Recommendations for expatriates
Hiring expatriates in Argentina is not a simple procedure, as any employer that wishes to hire foreign employees must meet stringent immigration requirements before it can do so. This update offers a brief and practical overview of the key issues that must be taken into account before employing expatriates in Argentina.
Before hiring a foreign employee, companies that conduct operations in Argentina must be registered with the National Registry of Sponsoring Entities. A division of the Department of Immigration, the registry requires companies that intend to hire foreigners to submit a wide scope of documentation before such registration will be granted. Once the registration certificate has been obtained, companies must update their corporate information annually; it will not be possible to hire foreigners or renew working visas until that year's update has been completed.
Each prospective employee will require a work visa, and therefore a sponsoring company. However, Mercosur nationals (ie, those from Brazil, Uruguay or Paraguay) and prospective employees from the Mercosur associate countries (ie, Bolivia, Chile, Ecuador, Colombia, Venezuela and Peru) can apply for a temporary residence visa that entitles the individual to work in Argentina, without the need for sponsorship.
There are two ways for Argentine companies to acquire authorisation to hire foreigners - through the consulate in the employee's home country or (if the employee has already entered Argentina) directly with the Immigration Department.
In the employee's home country
The future Argentine employer must request the issuance of an entry permit.(1) The estimated processing time for this step is approximately six weeks from the submission of the application. Once the approval has been issued, it will be sent directly to the Argentine consulate in the prospective employee's home country. The prospective employee must then attend a previously scheduled appointment with the consulate, where a work visa will be stamped on his or her passport. The consulate should return two sealed envelopes to the individual along with the visa. These envelopes must not be opened by the employee. Instead, one of the envelopes must be given to the immigration officer on the employee's first entry to Argentina. The other envelope will be used for the Argentine ID card process.
If the prospective employee has entered Argentina as a tourist, the company may request the conversion of his or her immigration category, replacing the tourist visa with a work visa. The prospective employee should schedule an appointment with the Immigration Department in order to submit all the necessary documents. The entry permit will not be required at this time; however, any document submission must be done with the assistance of an immigration consultant. Provided that all the documents submitted are correct, the Immigration Department will issue a preliminary residence visa.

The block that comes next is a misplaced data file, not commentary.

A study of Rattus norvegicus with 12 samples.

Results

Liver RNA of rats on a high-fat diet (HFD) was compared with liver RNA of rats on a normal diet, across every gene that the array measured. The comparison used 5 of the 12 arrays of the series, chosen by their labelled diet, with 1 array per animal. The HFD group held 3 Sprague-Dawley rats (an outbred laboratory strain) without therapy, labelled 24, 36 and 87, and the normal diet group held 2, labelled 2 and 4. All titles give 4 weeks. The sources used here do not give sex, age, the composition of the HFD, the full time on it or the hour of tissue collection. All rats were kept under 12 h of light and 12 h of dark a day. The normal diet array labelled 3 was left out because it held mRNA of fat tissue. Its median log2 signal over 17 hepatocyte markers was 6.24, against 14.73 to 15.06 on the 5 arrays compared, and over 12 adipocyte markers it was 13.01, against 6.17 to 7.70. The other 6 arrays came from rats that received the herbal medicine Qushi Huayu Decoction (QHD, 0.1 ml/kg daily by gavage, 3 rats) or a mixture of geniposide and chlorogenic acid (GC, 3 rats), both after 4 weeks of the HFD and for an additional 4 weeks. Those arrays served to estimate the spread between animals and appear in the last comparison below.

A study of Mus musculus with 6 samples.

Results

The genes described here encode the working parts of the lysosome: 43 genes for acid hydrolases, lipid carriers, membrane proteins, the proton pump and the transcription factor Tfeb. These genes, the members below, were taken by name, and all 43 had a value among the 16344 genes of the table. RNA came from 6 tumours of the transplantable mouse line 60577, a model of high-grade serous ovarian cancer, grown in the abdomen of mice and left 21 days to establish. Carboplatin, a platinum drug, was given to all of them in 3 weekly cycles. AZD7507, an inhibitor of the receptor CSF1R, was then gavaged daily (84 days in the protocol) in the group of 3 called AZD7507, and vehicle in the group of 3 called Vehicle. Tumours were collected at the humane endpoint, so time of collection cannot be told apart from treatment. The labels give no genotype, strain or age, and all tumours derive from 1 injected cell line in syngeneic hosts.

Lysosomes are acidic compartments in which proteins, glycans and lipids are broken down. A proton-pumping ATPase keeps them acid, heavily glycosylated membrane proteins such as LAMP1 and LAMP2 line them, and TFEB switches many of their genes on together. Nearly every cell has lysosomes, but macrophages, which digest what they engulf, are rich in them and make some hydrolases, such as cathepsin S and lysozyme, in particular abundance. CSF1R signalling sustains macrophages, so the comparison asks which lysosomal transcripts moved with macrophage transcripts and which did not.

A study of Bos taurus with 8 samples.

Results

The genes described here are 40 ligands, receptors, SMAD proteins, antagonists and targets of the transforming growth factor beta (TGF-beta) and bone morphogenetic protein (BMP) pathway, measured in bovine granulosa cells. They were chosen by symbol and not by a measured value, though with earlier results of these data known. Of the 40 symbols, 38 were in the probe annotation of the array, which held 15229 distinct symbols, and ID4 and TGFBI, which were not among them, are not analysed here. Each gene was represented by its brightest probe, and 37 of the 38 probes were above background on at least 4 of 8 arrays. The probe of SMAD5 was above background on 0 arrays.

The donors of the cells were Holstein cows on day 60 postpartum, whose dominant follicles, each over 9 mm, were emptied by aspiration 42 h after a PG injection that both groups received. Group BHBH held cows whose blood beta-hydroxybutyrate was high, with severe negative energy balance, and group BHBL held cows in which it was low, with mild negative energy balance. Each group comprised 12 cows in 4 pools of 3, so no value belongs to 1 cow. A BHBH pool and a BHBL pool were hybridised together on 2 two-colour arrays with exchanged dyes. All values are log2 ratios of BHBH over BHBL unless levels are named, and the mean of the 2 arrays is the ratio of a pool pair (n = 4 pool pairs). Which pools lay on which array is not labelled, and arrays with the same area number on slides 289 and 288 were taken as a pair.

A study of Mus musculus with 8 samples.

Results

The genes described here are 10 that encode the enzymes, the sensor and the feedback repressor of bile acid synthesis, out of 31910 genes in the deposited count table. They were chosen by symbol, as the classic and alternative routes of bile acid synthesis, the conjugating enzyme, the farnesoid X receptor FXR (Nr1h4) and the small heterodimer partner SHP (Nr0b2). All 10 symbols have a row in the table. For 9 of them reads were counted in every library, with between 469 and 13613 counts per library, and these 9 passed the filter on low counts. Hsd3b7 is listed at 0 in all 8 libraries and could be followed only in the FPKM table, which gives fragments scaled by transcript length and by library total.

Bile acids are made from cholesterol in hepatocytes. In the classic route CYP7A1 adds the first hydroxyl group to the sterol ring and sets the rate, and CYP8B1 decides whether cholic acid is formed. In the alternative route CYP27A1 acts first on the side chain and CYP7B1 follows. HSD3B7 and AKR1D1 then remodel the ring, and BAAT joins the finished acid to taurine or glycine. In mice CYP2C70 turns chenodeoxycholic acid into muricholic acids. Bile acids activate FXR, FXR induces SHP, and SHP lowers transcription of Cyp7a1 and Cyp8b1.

After the conclusion of either of the procedures mentioned above, the foreigner will be admitted for one year (this period can be renewed)(2) and must request a labour identity code with the local Social Security Authority in order to be registered for payroll purposes.
Working without a work visa is illegal in Argentina. Even if all the employee's salary is paid in his or her home country and he or she is still considered an employee of the home company, an employee cannot work in Argentina without the government's approval. The government has ruled that companies have an obligation to hire a local resident in place of a foreign national where a qualified local resident is available, thus protecting Argentine citizens from losing employment opportunities to foreign nationals.
Penalties and enforcement vary widely. Common personal ramifications are deportation, personal fines and, if deported, difficulty in securing future visas in Argentina. In addition to the personal consequences, the Argentine company that employed an illegal worker could be fined, have difficulty sponsoring future work applications or lose the right to hire foreign nationals in future.
Recommendations for expatriates
Employees who choose to spend time in Argentina as tourists before securing a work visa should be aware that Argentine law prevents them from offloading shipped belongings, opening a bank account, buying a car, renting accommodation or enrolling children in schools, among other things. Therefore, after securing a work visa, employees must apply for an Argentine ID card in order to avoid any inconvenience while performing such actions. The estimated processing time for this step is approximately two months. If the employee was hired from his or her home country, the procedure must be done separately on arrival in Buenos Aires at the National Registry of Persons. If the employee was hired in Argentina, the procedure will be carried out at the Immigration Department in concurrence with the work visa application.
For further information on this topic please contact Javier E Patrón or Enrique M Stile at Marval O'Farrell & Mairal by telephone (+54 11 4310 0100), fax (+54 11 4310 0200) or email ([email protected] or [email protected]). The Marval O'Farrell & Mairal website can be accessed at www.marval.com.ar.
(1) Mercosur nationals will not be required to obtain an entry permit before the appointment with the Argentine consulate.
(2) Mercosur nationals will be admitted for two years; this period can be renewed.